HASTINGS, Minn. — It takes many pairs of hands to keep This Old Horse going.
Seven hundred and twelve of them, to be exact.
That’s how many volunteers have worked with the Hastings sanctuary for retired horses since it started keeping formal track in 2014. Without them, founder Nancy Turner is positive she couldn’t keep Wishbone Ranch, This Old Horse’s 43-acre farm about 30 minutes south of St. Paul, up and running. The organization has just five paid employees — a program director, a barn manager and three stable hands — and none of them is full time.
Volunteers are what Turner was counting on when she started This Old Horse in 2012. Turner, who runs a business managing group homes for vulnerable adults, had noticed a problem with horses that grew too old for full-time use in therapeutic riding programs; they were often too expensive for owners to keep but had nowhere to go. She calls such horses “unwanted, not unloved.”
“I took two, three then four of those horses into my own barn, and I felt I had an embarrassment of riches,” she said.
Turner said she checked with other rescue groups but found that most concentrated on horses that had been neglected or abused. She tried to work out a business plan for feeding and sheltering old horses without much of a revenue stream but determined it just wasn’t feasible.
And then she changed her mind.
“All of a sudden, it was like ‘What if people helped?’ ” Turner said. “We just jumped off the cliff.”
It’s quite a cliff. There are 30 horses at Wishbone Ranch, and 33 have been placed in foster care at nearby farms. Turner estimates about 150 horses have gone through This Old Horse in its four years of operation. Most have grown too old for work in mounted police or therapeutic riding programs. Some are show horses or racehorses who came up lame or aged out of competition; others had to be surrendered because their owners could no longer afford them. Although This Old Horse concentrates on “retirees” — its motto is “Thank you for your loyal service” — it also takes in rescue horses as the need arises. Turner said she gets about 20 calls a month regarding horses she doesn’t have room or money for. The waiting list to surrender a horse is usually around 50.
This Old Horse has an annual budget of $330,000. Boarding 10 horses at Wishbone Ranch brings in a little revenue, as does taking donated equipment to tack swaps, but Turner estimates 80 percent of it comes from fundraising and donors.
Turner describes funding This Old Horse as “a pinch every month.”
“I just hate to see that,” she said with a small laugh as she walked past a dwindling pile of hay bales. “Because that means another call to the hay vendor and then another bill.”
Events like This Old Horse’s May 7 “Run for the Roses” 5K and Minnesota’s statewide Give to the Max Day help. Some people who have surrendered their horses also help — one donor couldn’t afford to maintain a horse any longer but contributes $100 a month to its upkeep and visits regularly.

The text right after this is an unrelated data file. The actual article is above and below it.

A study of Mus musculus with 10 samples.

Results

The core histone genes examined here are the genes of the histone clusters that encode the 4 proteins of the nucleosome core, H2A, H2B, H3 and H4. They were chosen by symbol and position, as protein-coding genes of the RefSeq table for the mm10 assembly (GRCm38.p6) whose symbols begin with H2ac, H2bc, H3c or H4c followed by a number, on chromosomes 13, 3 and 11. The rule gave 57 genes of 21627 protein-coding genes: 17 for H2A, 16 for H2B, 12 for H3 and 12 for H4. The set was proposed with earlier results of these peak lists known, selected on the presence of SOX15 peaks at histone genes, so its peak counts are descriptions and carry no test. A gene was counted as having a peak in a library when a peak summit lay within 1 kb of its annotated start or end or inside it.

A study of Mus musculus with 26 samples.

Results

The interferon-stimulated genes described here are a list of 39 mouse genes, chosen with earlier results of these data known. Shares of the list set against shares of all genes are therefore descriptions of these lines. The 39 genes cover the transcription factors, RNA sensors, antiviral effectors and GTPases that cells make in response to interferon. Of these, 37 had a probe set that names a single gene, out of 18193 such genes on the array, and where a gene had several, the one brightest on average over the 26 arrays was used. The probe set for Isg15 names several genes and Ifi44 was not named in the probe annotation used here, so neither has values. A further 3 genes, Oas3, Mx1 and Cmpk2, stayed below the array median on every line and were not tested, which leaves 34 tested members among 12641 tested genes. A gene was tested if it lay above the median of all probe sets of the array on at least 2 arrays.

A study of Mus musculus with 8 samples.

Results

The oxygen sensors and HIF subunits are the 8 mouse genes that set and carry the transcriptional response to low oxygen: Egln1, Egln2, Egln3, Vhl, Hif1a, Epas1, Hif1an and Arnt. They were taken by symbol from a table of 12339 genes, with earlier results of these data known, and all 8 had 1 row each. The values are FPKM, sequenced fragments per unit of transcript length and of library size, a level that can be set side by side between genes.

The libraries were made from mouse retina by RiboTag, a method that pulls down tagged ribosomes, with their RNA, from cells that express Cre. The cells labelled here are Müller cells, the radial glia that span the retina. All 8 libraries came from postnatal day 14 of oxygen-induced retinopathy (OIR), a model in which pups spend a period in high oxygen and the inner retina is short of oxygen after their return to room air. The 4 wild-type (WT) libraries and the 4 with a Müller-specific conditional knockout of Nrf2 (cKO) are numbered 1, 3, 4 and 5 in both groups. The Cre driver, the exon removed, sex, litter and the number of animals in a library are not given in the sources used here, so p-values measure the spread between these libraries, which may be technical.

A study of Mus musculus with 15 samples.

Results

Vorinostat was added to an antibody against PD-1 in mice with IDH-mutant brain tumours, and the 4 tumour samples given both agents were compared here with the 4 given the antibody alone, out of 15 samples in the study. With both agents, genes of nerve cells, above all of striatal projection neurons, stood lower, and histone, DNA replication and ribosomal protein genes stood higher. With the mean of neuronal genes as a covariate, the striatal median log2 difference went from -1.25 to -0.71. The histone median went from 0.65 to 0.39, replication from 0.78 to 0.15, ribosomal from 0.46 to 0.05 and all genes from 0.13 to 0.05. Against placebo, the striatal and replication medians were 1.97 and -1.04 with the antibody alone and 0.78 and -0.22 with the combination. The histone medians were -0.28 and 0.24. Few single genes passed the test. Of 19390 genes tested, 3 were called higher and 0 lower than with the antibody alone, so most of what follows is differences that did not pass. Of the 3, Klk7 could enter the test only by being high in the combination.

‘A great model’
The volunteers are what keep This Old Horse functioning.
“I think (Nancy’s) got a great model, and she’s got a huge network of volunteers. She brings a real genius to getting people engaged and invested,” said Stacy Bettison, vice president of the Minnesota Horse Welfare Coalition.
Michelle Hoffman, the program’s volunteer director, said most volunteers work on feed crews, brigades that handle the twice-daily undertaking of bringing all 40 horses in from pastures for hay and grain. Volunteers also make sure each horse is groomed at least once a week and perform barns chores, like mucking out stalls and cleaning water pails.
For every 12 hours of volunteering, a participant earns a riding lesson. Turner said riding lessons often cost $45 to $50 an hour, so the option of earning them with service is especially attractive to families.
“The moms are crazy for it, because when else do you get three hours with your teenage kid and then have something in common to talk about in the car on the way home?” she said.
Turner thinks a love for horses also prompts people to volunteer. She’s noticed many people are interested in horses but don’t have the time, space or money to have their own.
“We created a community here,” she said. “We wanted to gather people who love horses or think they might love horses and get in one place.”
Pete Swentik found This Old Horse after he went through a divorce and his former wife kept the horses they had together. Now, he’s the organization’s barn manager.
“Everybody wants to feel needed, and when you hang out around a horse, you feel like, ‘I need to be here. It needs me,’ ” he said.
Ashenmacher writes for the St. Paul Pioneer Press, a Forum News Service partner
To make a donation to This Old Horse, go to thisoldhorse.org or call 651-437-1889.